John Updike Wrote Here

Tuesday December 27, 2022

The Caldwell Building

IPSWICH – Next time, you stop at the Choate Bridge Pub for a clam chowder or a burger, bring along a copy of John Updike’s Couples or Rabbit Run.
You will impress other diners with your literary acumen as you enjoy the exploits of Harry “Rabbit” Angstrom or the 10 couples that Updike wrote about in the award-winning novels written in an office he rented above the pub.
Updike, who won the Pulitzer Prize twice, and at 32, was the youngest person ever elected to the National Institute of Arts and Letters, lived and wrote for 17 years in Ipswich. In the office above the pub, he wrote seven of his novels, including his award-winning Couples, which earned him the cover of Time Magazine.
The town’s Historical Commission is preparing to erect a plaque to honor the prolific author on the door of the Caldwell Building, which houses the Choate Bridge Pub. The owner, the John T. & Priscilla Coughlin Trust, has agreed to installing the plaque.
While living in Ipswich, Updike volunteered as a member of the historical commission and helped write a book on Ipswich for the commission, Something to Preserve.
The exact position of the plaque – above or beside the door – has not been decided. Nor has the inscription been written by commission vice chair Rachel Meyer.
The building is already on the National Registry, but most passersby know nothing of Updike renting an office there.
“In 1957, John Updike moved to Ipswich, where he and his family lived in the Polly Dole house on East Street for seventeen years,” wrote town historian Gordon Harris. “Updike wrote that ‘Most Americans have not had the happy experience of living for thirteen years in a seventeenth-century house, since most of America lacks seventeenth-century houses.
In fact, Ipswich’s boom and bust economy combined to leave its First Period houses intact, more than any other town.
Harris quoted Updike: “To wake and work in such a house felt like an honor, a privileged access to the elemental clarity of the spirit that created the first Puritan settlements in the New World.”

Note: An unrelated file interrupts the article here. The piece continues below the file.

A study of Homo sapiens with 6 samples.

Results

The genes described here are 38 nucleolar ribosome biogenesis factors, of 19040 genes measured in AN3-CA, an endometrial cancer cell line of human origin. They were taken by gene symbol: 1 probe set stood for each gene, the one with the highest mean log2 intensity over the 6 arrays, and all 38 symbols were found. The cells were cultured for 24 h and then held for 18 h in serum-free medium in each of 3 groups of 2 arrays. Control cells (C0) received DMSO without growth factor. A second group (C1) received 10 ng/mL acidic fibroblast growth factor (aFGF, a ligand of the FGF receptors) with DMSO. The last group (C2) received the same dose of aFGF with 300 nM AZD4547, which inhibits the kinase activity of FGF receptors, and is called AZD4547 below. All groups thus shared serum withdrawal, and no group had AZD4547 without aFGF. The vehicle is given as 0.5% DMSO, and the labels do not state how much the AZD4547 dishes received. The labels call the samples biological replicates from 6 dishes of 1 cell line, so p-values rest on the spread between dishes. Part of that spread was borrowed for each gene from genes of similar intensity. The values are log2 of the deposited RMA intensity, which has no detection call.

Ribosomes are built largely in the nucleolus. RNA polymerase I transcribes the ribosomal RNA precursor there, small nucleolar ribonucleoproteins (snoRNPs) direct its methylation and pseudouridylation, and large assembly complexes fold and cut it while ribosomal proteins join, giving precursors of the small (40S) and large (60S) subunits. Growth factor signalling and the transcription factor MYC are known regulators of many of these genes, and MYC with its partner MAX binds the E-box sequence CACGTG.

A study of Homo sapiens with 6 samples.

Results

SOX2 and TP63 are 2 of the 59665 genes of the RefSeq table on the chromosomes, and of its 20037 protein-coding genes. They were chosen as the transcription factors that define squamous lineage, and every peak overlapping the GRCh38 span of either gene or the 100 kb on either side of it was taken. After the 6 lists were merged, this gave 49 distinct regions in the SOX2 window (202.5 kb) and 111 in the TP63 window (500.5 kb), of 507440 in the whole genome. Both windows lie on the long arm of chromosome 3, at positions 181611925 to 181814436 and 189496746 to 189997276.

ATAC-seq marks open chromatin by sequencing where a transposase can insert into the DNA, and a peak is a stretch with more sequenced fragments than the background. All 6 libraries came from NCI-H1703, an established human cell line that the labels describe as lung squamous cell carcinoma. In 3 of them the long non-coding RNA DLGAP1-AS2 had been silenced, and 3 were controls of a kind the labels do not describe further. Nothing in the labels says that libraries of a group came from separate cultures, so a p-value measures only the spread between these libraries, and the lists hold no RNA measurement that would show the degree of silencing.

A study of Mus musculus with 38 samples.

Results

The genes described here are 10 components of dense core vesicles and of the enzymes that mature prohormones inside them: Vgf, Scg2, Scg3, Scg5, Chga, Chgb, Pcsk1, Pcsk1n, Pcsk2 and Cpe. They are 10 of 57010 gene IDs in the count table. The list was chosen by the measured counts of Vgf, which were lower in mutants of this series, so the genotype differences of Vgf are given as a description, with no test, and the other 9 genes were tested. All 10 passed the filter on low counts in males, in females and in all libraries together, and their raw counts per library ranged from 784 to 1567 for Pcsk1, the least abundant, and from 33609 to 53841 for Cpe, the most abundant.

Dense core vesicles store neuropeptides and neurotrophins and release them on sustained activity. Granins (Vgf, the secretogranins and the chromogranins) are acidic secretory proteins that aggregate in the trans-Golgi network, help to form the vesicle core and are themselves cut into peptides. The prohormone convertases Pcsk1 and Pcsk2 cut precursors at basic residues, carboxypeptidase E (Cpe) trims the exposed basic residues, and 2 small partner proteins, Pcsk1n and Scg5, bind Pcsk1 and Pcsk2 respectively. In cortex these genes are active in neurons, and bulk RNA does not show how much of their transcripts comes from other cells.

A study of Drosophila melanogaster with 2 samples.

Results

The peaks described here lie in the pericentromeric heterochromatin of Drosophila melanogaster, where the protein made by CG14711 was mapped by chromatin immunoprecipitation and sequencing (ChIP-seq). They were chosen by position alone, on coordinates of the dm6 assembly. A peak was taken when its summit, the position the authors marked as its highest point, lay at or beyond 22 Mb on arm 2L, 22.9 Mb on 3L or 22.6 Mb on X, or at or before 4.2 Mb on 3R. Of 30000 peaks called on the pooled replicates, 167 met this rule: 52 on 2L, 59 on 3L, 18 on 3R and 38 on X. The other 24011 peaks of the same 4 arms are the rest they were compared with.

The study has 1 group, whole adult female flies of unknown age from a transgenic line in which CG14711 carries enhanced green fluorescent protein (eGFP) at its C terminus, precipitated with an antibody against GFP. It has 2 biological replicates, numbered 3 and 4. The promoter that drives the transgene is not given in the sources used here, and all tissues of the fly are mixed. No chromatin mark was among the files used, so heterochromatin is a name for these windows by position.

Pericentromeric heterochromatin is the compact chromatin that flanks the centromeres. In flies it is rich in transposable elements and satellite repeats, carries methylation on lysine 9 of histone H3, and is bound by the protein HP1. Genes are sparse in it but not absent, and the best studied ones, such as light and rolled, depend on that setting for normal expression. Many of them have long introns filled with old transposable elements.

Updike was an established writer for The New Yorker and one of the nation’s most promising young novelists when he moved his family to Ipswich. It comprised of four children, including Newbury sculptor Michael Updike.
The Pennsylvania native and Harvard College graduate came to Ipswich looking for “middleness” of America, although he claimed he just wanted to be close to his hero, Red Sox outfielder Ted Williams.
Couples and several short stories were based in a fictional community, called Tarbox, which was probably Ipswich, although Updike denied it.
“Like Ipswich, Tarbox was a small coastal town founded in 1634. Its streets were lined with 17th century saltboxes, the downtown street had three banks and a Woolworths,” Harris wrote for the web site Historic Ipswich.
“Several of Updike’s stories were based in Tarbox, Massachusetts, a fictional town that was supposedly 30 miles south of Boston, but matched in every detail the town of Ipswich, 30 miles north of the city. Like Ipswich, Tarbox was a small coastal town founded in 1634. Its streets were liked with 17th century saltboxes, the downtown street had three banks and a Woolworths. It served as the setting for the 1968 novel Couples, which was on the best-seller list for over half a year. The lives of his Ipswich acquaintances provided the raw material for the sexual exploits in the story, and created much resentment in the town. The Updikes purchased a house on Labor in Vain Road adjacent to the bridge (now known as the Weatherall house). In 1973 the Updikes divorced and John Updike relocated to Beacon Hill, after which he moved to Beverly Farms with his second wife, Martha. John Updike died at age 76 in 2009.”